My grandmother is curious about trying marijuana for the first time, but she has a long-time stigma against cannabis (thanks to the war on drugs!). How can I help her enjoy her first experience without scaring her or overwhelming her with information?
— Ganja Granddaughter
I get it! In fact, I've sort of been in the same situation myself. My brother's girlfriend's grandma (!) has awful rheumatoid arthritis and lives in a state where medical cannabis is legal. Yet, she had a lot of misconceptions about the plant, and it took us a bit of convincing before she was able to find relief from cannabis consumption. Eventually, it seriously helped her manage the pain from her RA.
Many of us "youngins" grew up sneaking a bowl or two (or two million), so when cannabis started to become legal in various states, it was pretty easy for us to adapt and accept. Legal pot? Yes please! It was especially exciting for many people who had previously been illegally self-medicating. Finally, we could be out of the cannabis closet, so to speak. Sure, weed isn’t totally accepted by millennials, and there’s still blowback against legalization. But for people who grew up in the years after Nancy Reagan, “reefer madness” sounds as dated as using typewriters.
The same can't be said for all generations. Some folks grew up in a culture of fear and propaganda when it comes to cannabis, and a lot of them absorbed all the negative scare tactics that branded the plant as a gateway to other drugs and a surefire way to become a burnout. So, it can take some effort to help someone like your grandma break through these misconceptions and myths.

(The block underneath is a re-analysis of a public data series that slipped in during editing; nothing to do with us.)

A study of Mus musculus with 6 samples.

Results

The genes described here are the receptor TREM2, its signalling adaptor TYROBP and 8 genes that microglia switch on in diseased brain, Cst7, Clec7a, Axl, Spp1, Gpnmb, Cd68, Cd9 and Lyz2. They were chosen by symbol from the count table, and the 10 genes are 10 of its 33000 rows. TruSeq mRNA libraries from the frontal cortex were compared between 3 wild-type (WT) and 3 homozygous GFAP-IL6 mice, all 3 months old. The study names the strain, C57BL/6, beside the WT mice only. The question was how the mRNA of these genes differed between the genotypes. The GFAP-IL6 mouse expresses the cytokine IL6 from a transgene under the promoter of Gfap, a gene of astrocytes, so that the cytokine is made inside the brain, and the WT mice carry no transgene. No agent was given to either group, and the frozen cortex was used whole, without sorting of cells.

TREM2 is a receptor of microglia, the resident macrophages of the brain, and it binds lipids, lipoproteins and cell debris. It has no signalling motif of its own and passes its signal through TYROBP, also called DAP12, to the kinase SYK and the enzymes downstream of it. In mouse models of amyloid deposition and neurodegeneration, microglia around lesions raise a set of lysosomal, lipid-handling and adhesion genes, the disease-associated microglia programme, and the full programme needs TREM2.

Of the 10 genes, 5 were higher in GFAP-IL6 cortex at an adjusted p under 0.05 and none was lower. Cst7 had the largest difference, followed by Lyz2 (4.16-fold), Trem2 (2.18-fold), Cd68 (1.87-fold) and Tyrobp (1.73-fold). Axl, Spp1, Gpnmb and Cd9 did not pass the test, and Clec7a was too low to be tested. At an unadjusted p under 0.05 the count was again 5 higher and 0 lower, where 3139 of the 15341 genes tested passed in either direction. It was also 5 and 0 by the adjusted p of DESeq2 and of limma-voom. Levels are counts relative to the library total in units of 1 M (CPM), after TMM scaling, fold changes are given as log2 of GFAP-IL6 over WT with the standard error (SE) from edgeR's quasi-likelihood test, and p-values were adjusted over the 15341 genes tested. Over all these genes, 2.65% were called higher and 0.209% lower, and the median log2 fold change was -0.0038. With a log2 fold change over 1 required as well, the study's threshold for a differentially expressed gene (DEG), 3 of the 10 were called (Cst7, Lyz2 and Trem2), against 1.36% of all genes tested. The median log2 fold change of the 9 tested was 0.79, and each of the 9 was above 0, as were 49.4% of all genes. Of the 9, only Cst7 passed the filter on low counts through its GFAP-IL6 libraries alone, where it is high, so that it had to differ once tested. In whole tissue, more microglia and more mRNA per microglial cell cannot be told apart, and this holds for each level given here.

One positive way to slowly introduce someone to cannabis is by explaining all the various benefits and uses of it, but without getting too "inside baseball." Explain to your grandmother that cannabis is just a plant, and that it can be the basis of very helpful medicine, like many other plants are. You could even get into a very basic discussion about THC vs. CBD, and how some cannabis strains or products feature mainly CBD and little-to-no THC, so she wouldn't even be getting high.
If there's a dispensary by you that has topicals, that might be a really great way to start. The idea of smoking anything might be too much at first, especially if you're dealing with somebody who is struggling to overcome their learned prejudices regarding cannabis. Some lotion or a salve is a way to show that this plant truly has real, medicinal benefits without getting you high as a kite. In my brother's girlfriend's grandmother's case, the lotion was a really great way to have her experience the healing properties of cannabis and caused her to be eager to learn more.
Our next step was edibles. We started her incredibly low and slow, controlling the dosage as best we could. Once it took effect, there was really no denying how much it helped her. She was able to experience less pain and could have more freedom of movement than before, without any unpleasant side effects of the other medication she had been trying.
She still won't smoke cannabis, and that's totally okay. She eased herself in and found a method and dose that is working for her. Who knows, the same might happen for your grandmother -- maybe she’ll even see how well it works and start ripping bong hits with you in no time!
So, to reiterate: Keep it simple, go slow, and be there to help guide them rather than push. Focus on the proven medicinal qualities, and don’t linger on explaining stoner culture or even debunking myths, which could distract her. I hope you help your grandmother find relief soon.